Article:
Page 2756 - Week 09 - Thursday, 8 August 2013


Compared to the national averages, Aboriginal and Torres Strait Islander Canberrans are better educated, more likely to have a job, be better paid and more likely to own their own home. However, the gaps between Aboriginal and Torres Strait Islander Canberrans and the Canberra average are closing and opening in different areas.

For example, the report notes that from 2006 to 2011 the gap in the unemployment rate in the ACT decreased but the labour force participation gap increased. In post-school qualifications, the gap decreased in the ACT. In year 12 or equivalent attainment from 2006 to 2011, the gap closed by over four per cent, as noted by the minister, and we are well on target to closing this gap by 2020. This is great news and I also commend the range of initiatives in this year’s budget assisting Aboriginal and Torres Strait Islander Canberrans to achieve their aspirations.

Our progress to close the gap in the ACT detailed in this report is noteworthy. It is one part of the whole reconciliation effort to build a nation, an Australia without shame, embarrassment or the anger of dispossession.

Same-sex marriage—legal recognition

Discussion of matter of public importance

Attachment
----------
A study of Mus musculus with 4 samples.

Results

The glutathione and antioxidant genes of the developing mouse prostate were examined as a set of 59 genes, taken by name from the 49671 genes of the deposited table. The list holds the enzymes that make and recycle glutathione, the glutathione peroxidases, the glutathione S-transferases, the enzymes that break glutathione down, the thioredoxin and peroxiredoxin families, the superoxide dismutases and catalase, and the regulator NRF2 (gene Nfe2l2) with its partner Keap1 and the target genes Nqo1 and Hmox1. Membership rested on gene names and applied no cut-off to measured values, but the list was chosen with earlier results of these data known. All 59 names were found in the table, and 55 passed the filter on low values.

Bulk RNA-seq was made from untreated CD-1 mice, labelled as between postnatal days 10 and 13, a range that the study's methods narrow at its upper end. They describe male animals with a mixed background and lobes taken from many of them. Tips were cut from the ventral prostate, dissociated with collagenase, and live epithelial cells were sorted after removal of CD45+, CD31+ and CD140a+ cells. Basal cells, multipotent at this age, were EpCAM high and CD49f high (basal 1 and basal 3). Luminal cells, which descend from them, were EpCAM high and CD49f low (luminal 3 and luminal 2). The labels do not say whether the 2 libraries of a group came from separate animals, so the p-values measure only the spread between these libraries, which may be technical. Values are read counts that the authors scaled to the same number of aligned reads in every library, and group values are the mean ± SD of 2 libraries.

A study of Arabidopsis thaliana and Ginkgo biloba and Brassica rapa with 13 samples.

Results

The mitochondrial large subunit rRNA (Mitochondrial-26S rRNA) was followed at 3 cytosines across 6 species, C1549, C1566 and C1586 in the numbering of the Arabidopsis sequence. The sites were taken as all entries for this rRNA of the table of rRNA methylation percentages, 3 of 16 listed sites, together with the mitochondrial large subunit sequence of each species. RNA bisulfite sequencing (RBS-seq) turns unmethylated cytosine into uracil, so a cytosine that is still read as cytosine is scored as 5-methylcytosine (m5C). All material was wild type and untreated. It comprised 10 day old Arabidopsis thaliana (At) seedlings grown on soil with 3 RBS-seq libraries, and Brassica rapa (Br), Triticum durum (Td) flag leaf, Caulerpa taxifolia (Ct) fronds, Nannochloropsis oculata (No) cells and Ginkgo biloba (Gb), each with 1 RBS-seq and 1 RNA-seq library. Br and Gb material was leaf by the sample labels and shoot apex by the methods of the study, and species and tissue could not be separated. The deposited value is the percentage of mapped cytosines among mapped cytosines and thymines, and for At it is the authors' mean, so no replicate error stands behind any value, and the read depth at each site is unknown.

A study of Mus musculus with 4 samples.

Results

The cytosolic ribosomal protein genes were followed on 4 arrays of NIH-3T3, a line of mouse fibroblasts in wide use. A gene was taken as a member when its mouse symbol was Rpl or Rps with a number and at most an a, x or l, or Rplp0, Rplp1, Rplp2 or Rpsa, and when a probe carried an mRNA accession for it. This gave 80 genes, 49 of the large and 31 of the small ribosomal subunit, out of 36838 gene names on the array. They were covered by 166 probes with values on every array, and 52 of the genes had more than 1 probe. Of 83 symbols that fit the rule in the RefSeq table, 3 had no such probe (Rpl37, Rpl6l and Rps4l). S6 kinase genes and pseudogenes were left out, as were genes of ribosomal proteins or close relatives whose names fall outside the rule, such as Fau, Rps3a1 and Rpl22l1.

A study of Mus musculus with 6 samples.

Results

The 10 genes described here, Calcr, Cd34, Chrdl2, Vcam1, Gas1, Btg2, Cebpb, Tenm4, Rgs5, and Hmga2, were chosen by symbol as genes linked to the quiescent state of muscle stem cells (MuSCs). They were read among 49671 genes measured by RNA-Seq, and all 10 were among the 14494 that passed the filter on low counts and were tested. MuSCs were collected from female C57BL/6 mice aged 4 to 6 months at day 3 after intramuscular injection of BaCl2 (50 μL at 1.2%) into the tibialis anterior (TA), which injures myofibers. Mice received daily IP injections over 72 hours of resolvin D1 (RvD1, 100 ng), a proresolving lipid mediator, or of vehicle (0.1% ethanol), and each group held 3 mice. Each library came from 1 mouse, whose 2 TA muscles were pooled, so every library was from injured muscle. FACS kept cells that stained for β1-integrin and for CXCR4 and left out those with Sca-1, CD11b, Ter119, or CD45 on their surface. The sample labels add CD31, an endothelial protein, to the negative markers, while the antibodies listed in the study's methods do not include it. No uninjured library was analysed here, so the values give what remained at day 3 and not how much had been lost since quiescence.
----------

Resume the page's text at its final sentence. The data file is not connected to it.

MR ASSISTANT SPEAKER (Mr Gentleman): Madam Speaker has received letters from Ms Berry, Dr Bourke, Mr Coe, Mr Doszpot, Mr Gentleman, Mr Hanson, Mrs Jones, Ms Lawder, Ms Porter and Mr Smyth proposing that matters of public importance be submitted to the Assembly. In accordance with standing order 79, Madam Speaker has determined that the matter proposed by Dr Bourke be submitted to the Assembly, namely:

The importance of legally recognising same-sex relationships in the Canberra community.

DR BOURKE (Ginninderra) (4.27): Thank you, Mr Assistant Speaker, for the opportunity to talk about one of the fundamental recognitions in our society—the recognition of a relationship between two loving adults who are committed to sharing their lives with each other in the long term.

If those two people happen to be male and female then they can formally have that relationship recognised as a “marriage” under the commonwealth Marriage Act 1961. If, on the other hand, those two people happen to be two men, or two women, the state denies them the right to have that relationship formally recognised as a “marriage”.

A same-sex couple are treated the same way as a married couple for the purposes of, for example, social security, access to housing or in proceedings in the Family Court in relation to children. So what is it then that makes it acceptable for us to deny a same-sex couple the formal recognition of their relationship by allowing them to marry?